Scott Perrin, a 1981 graduate of Notre Dame High School, was in New York on business when the West Fertilizer Plant exploded five blocks from his house in West, Texas.
His three children, who were about a mile away when the explosion happened, were able to get into the house on Thursday and report that 15 windows were blown out and a white powder was everywhere, he said.
Returning home Thursday afternoon, Perrin, a private pilot, said the former bed-and-breakfast built in 1888 was not as bad off as he feared.
"It's a mess," he said. "The antique glass windows will be hard to replace."
Still, he said, "Others have it a lot worse. Lots of people were hurt so I feel lucky."
The exterior walls of the home are five bricks thick and the interior walls are brick as well. The blast blew out the attic access door and lifted a bead-board ceiling up on one of the upstairs bedrooms, he said.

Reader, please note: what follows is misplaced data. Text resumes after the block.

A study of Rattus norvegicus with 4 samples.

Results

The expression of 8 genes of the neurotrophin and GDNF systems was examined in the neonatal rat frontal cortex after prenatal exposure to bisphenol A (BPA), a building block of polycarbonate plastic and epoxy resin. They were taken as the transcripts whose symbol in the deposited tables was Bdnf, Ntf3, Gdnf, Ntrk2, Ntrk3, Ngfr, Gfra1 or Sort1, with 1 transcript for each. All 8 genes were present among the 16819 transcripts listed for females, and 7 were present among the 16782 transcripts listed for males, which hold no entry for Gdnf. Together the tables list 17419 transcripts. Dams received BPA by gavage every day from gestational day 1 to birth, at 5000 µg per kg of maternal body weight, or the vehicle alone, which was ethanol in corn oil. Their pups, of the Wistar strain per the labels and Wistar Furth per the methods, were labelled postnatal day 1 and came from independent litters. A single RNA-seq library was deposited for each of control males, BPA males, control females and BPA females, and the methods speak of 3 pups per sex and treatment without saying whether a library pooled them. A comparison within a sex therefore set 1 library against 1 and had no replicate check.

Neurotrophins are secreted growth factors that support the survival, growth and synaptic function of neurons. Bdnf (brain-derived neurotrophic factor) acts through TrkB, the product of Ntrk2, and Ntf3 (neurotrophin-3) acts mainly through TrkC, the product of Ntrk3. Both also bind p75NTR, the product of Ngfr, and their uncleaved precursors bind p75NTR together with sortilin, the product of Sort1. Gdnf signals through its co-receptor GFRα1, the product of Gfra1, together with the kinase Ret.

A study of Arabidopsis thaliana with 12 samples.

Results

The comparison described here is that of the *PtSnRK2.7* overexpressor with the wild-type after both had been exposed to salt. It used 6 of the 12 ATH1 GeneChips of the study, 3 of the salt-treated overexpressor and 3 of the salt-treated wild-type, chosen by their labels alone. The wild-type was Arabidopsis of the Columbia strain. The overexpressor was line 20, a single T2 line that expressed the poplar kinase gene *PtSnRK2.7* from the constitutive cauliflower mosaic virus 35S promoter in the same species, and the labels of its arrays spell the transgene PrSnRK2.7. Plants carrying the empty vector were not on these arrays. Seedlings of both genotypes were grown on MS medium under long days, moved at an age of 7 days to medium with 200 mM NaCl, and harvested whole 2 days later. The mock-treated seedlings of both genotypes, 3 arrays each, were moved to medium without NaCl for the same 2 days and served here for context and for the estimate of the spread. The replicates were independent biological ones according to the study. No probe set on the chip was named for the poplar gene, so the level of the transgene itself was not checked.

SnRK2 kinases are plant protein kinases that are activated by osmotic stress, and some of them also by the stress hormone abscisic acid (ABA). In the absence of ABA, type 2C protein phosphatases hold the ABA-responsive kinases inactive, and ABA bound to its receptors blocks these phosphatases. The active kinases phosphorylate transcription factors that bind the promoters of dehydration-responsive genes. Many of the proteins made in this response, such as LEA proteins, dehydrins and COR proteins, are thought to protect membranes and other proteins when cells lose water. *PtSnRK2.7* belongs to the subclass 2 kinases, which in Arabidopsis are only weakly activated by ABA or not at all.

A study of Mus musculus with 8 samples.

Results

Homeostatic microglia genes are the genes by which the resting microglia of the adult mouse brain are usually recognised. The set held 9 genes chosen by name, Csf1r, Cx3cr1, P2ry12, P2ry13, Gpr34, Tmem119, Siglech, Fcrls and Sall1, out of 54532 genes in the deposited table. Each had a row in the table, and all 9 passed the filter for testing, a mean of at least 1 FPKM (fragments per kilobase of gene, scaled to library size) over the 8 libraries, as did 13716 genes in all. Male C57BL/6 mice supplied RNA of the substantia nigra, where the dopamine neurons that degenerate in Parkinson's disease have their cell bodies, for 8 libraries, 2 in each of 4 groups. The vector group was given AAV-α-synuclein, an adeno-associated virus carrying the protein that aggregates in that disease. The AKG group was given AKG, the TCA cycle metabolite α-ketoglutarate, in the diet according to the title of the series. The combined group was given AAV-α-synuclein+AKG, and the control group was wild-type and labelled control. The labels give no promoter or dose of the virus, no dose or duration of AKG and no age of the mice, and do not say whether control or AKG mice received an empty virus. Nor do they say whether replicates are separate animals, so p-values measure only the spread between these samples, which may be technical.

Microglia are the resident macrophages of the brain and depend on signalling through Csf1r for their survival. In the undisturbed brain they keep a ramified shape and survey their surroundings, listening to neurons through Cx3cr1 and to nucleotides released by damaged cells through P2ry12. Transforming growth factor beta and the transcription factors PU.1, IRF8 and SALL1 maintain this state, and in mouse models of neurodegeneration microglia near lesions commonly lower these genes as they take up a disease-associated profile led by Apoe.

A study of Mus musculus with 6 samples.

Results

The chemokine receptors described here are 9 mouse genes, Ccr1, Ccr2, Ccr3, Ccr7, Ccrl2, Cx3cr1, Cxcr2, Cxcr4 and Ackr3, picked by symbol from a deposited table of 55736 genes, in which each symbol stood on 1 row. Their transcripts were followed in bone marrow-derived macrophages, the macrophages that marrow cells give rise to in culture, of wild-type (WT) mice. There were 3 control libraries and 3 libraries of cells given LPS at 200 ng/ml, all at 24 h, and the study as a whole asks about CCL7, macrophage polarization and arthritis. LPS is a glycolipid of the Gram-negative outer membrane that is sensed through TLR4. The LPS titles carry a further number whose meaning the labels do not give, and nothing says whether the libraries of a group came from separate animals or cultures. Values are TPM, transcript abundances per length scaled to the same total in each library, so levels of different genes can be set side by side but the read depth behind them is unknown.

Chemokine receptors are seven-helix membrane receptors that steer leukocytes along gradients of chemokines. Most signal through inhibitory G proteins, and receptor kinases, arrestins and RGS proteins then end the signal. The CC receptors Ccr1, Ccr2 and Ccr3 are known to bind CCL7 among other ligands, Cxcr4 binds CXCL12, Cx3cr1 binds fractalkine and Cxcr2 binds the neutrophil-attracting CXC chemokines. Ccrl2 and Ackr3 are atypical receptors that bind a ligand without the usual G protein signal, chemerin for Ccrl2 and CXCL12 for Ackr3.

Perrin said when he first spoke with his kids on Wednesday night, they described what was happening in West.
"They were using words like 'pandemonium' and 'chaos' to describe everything," Perrin said. "The whole town filled up with emergency personnel and flashing lights."
On Friday morning, he said four helicopters were flying over the blast site and that police "are not letting anybody in there and they are dead serious about it."
Perrin was able to get a friend in the roofing business to board up the windows and doors Thursday morning before a thunderstorm moved through the area.
"Now that white powder, which I don't even know what it is or if it's dangerous, is a white goo and it's everywhere," he said.
Contact staff writer Barry Courter at firstname.lastname@example.org or at 423-757-6354.